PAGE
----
Some very clear nights have graced Wayne County recently, affording a very deep look into the outer Universe.
At this time of year- spring in the northern hemisphere- we face outward up (down?) away from the plane of the Milky Way Galaxy, straight out where the view has the least cosmic dust.
The Milky Way, remember, is generally flat like a buttermilk pancake, although with a glob of butter (margarine?) right in the middle- and on either side. The dabs of butter here refer to the thick central hub of our galaxy. The “pancake” is actually a grand spiral shape of several tapering arms- each made up of stars, dust and gas. The Sun is one of those stars in one of the interior spiral arms.
In spring the dusty Milky Way Band, which is what we see looking inward towards the neighboring spiral arms or the central hub, is largely away from view. What we see is a relatively clear view of the untold number of galaxies beyond. Cosmologists, which is what astronomers who study the cosmos at large are called, have traced billions of galaxies in a fascinating pattern not unlike a fisherman’s net or spider web. The very fabric of the Universe is so vast we can barely comprehend or explain it. Galaxies are found to be grouped together in immense clusters, and those clusters are associated with one another, linked by gravity.
Intriguing astronomers is the revelation that the known mass of the galaxies and their clusters, is far too small to answer for the effects of gravitational forces that are observed. Until they decide what is causing this mysterious extra weight, they refer to the extra mass simply as “dark matter.” As always, we find more questions than answers, which is a wonderful thing. The book is never closed.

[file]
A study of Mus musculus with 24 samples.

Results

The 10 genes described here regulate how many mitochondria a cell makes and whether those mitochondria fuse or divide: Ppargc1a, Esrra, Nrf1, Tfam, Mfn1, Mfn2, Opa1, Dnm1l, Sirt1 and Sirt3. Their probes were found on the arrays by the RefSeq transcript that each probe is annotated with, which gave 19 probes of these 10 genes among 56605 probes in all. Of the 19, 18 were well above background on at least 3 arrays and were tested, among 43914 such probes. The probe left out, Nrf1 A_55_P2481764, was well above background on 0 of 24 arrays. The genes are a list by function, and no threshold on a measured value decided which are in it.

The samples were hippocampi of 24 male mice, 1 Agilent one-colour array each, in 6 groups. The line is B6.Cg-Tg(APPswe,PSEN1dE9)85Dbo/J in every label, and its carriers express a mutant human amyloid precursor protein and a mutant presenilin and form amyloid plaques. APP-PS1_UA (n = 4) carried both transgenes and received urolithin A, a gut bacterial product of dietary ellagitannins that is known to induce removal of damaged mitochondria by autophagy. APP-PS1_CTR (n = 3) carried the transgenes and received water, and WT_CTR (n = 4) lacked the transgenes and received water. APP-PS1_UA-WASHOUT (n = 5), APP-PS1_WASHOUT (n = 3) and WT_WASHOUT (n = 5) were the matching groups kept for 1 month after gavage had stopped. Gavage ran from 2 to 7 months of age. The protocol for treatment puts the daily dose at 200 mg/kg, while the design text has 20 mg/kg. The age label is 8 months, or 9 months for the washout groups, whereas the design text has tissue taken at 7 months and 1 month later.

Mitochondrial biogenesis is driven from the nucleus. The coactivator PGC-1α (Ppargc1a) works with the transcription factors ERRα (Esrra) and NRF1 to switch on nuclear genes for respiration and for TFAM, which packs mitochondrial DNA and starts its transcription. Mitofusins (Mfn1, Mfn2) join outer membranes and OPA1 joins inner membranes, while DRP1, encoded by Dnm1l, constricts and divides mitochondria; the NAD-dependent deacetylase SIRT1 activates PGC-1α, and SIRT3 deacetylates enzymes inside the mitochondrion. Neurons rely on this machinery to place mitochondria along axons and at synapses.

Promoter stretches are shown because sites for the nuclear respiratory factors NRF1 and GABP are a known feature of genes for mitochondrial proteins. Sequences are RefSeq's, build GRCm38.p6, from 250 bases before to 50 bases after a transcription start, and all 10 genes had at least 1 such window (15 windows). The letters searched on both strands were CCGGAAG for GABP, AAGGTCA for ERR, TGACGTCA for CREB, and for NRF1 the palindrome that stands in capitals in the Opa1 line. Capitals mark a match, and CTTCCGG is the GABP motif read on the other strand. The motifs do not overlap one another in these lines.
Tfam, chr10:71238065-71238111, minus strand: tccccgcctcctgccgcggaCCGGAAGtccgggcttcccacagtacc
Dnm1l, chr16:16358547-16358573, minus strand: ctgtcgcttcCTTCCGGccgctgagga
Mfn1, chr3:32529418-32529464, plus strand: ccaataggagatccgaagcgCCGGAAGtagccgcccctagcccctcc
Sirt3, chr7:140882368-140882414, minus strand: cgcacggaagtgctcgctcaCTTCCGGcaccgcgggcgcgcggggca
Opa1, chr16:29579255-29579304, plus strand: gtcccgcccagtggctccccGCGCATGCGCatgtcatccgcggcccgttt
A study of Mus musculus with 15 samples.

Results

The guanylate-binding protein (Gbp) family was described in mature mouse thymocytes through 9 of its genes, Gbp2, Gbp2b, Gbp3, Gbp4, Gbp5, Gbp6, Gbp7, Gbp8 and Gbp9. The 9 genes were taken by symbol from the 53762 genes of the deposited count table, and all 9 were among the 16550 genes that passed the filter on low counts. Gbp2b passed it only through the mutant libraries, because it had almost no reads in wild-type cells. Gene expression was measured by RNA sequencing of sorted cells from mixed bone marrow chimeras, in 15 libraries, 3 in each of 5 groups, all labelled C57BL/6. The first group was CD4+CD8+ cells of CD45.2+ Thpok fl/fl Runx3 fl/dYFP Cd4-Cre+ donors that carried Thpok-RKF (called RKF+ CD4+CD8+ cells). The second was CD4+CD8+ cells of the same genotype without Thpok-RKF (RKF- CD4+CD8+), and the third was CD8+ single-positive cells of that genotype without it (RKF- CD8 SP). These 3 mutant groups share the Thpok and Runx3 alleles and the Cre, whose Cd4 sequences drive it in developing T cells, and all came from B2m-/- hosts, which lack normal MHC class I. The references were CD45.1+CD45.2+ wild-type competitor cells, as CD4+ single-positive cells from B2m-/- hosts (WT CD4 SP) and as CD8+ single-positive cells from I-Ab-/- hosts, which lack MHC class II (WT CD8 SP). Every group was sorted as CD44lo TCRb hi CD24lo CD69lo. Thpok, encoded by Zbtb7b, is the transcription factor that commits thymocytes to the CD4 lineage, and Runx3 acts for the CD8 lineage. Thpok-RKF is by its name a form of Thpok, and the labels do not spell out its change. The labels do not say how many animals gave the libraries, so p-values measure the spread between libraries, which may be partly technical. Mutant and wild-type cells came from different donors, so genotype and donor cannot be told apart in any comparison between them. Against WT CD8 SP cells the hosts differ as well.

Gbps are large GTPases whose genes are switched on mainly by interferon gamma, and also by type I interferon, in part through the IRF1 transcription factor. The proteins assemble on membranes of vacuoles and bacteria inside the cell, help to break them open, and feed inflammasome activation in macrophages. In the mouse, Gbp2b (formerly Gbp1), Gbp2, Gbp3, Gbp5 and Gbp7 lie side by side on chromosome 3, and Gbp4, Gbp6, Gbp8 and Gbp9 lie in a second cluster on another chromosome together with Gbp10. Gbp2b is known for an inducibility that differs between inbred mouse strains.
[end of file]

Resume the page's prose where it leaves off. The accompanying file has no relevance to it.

Looking south on spring evenings, before us is the vast Virgo Galaxy Cluster, so named because much of it is within the constellation Virgo. The Virgo Galaxy Cluster contains about 2,000 member galaxies. It is the nearest galaxy cluster to the Milky Way, approximately 50 million light years away. How far is that? The cluster is about 10 million light years across in its longest dimension. We too easily take these numbers for granted. Light traveling at just over 186,000 miles a second takes 50 million years to reach us at this distance.
Each light year is almost 6 trillion miles. Even that’s hard for us to fathom. A few people we hear about have a billion dollars or more. A thousand of these people together would have one trillion bucks. If you spent one dollar a minute it would take you 100 years to spend just $52 million. If you buy a $100,000 house every minute you would have spent $5.2 trillion in 100 years. That’s a lot of houses.
Even a small telescope will show you several of these far away outposts. A word of caution: you will NOT see large , detailed and colorful galaxies like you see in photographs. Large telescopes with long exposure photographs reveal incredibly detailed pictures which we use to study and admire, but the view in your eyepiece in your backyard will show little else than a faint, fuzzy spot. You will be able to see the brighter central hub and dimmer surrounding portion, on some of the larger or closer examples. A telescope with an eight inch lens or mirror will start to show spiral structure in a handful that are galactic showpieces. One of these is the fabulous “Whirlpool Galaxy,” M51, located just off the end star of the handle of the Big Dipper. Not far away, another wonderful galaxy in the constellation Coma Berenices, and known as NGC 4565, appears as a thin needle with the bright central hub. The Whirlpool is seen face-on, like you are staring down at a breakfast plate. NGC 4565 is oriented to us “edge-on” as if you held your plate’s edge up in front of your eyes. Don’t drop the pancake.
Much closer than the outer galaxies are of course are own stars, and closer yet, the planets. This spring the brilliant planet Jupiter shines in the Virgo constellation, about 12 degrees to the upper right of Virgo’s brightest star, Spica.
Early risers (or very late go-to-bedders) can enjoy Venus shining very bright, low in the pre-dawn east-northeastern sky.
New Moon is on May 25th.
Keep looking up!
Peter Becker is Managing Editor at The News Eagle in Hawley, PA. Notes are welcome at email@example.com. Please mention in what newspaper or web site you read this column.